Supriya Sharma, News Editor, Scroll.in, won the award for best reporting on politics and governance for her series Window Seat. Sharma undertook a train journey from Guwahati to Jammu ahead of the 2014 Lok Sabha elections to gauge the political mood in the country. This is her second Ramnath Goenka Award, she had earlier won the award for uncovering invisible India for her reports from Chhattisgarh.
In an email conversation, she talks about the challenges of reporting while undertaking an arduous 2,500-km railway journey.
You happen to be the first journalist working for a digital organisation to pick up the Ramnath Goenka Award. You’ve worked with TV and print before this. How was the transition to the digital space?
The medium might influence the way you tell a story but at the end of the day the challenge remains the same: to get your facts right, to put them together in a way that explains something, and to do so in a way that would make people care. What helped make the transition was that I was working with a great editor and had a fantastic team of colleagues. The challenge for us at Scroll is how to best use a relatively new medium to do old-fashioned, public-spirited journalism.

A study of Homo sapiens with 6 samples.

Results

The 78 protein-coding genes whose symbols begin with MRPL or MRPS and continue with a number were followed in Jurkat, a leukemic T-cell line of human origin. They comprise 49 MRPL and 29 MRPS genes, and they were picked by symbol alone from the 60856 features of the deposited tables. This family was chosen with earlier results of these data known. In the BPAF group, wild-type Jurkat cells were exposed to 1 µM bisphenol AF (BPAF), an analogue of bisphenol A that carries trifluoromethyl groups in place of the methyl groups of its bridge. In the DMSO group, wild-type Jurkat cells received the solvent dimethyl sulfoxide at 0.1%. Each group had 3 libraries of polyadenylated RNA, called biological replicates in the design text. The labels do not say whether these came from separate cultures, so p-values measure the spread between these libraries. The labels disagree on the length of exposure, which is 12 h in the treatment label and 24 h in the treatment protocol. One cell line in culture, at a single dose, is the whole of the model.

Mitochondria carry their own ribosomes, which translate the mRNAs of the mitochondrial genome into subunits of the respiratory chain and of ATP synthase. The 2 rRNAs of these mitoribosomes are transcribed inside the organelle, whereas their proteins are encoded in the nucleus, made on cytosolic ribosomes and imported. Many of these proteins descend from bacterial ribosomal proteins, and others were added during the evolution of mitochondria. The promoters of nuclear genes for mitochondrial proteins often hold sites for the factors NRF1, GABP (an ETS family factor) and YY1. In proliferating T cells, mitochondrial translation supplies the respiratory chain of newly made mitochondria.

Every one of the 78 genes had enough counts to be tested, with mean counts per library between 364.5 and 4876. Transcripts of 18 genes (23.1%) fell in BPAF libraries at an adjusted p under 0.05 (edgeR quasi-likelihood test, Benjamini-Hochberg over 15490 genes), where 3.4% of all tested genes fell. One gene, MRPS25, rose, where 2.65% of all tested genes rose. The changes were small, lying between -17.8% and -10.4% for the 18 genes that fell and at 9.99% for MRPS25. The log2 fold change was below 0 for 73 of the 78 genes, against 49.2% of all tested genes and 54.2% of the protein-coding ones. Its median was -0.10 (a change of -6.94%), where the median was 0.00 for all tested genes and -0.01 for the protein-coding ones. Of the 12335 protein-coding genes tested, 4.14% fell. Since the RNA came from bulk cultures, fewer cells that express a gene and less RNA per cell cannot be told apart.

What were the challenges you faced while working on your series, Window Seat?
I really enjoyed covering the election in a slightly mad way, hopping on and off trains, skipping the usual circuit of political rallies and instead relying on happenstance to meet people and get to know about their lives. It led me to a richer understanding of politics and the country, and I hope some of that got communicated through the stories.
Apart from the usual anxieties over deciding what to focus on, where to go, one of the challenges in this series was physical: How do you travel through the day and write a dispatch in the night and keep doing that for days altogether. I did it for the first 15 days or so, but when I reached Haryana (I had started the journey in Assam) I felt I would collapse and Naresh [Fernandes], my editor, asked me to lock myself in a room and just sleep for two days.
If you had to give the award to a journalist in the same category as yours, who would you give it to and for which story?
There are way too many deserving of the award and I wouldn’t be able to pick just one. Two journalists I greatly admire — Manoj Mitta and Hartosh Bal — published books last year which are deserving of the highest honours.
Any advice to young journalists who’d like to enter the profession and report on politics?
Talk to people and not just politicians.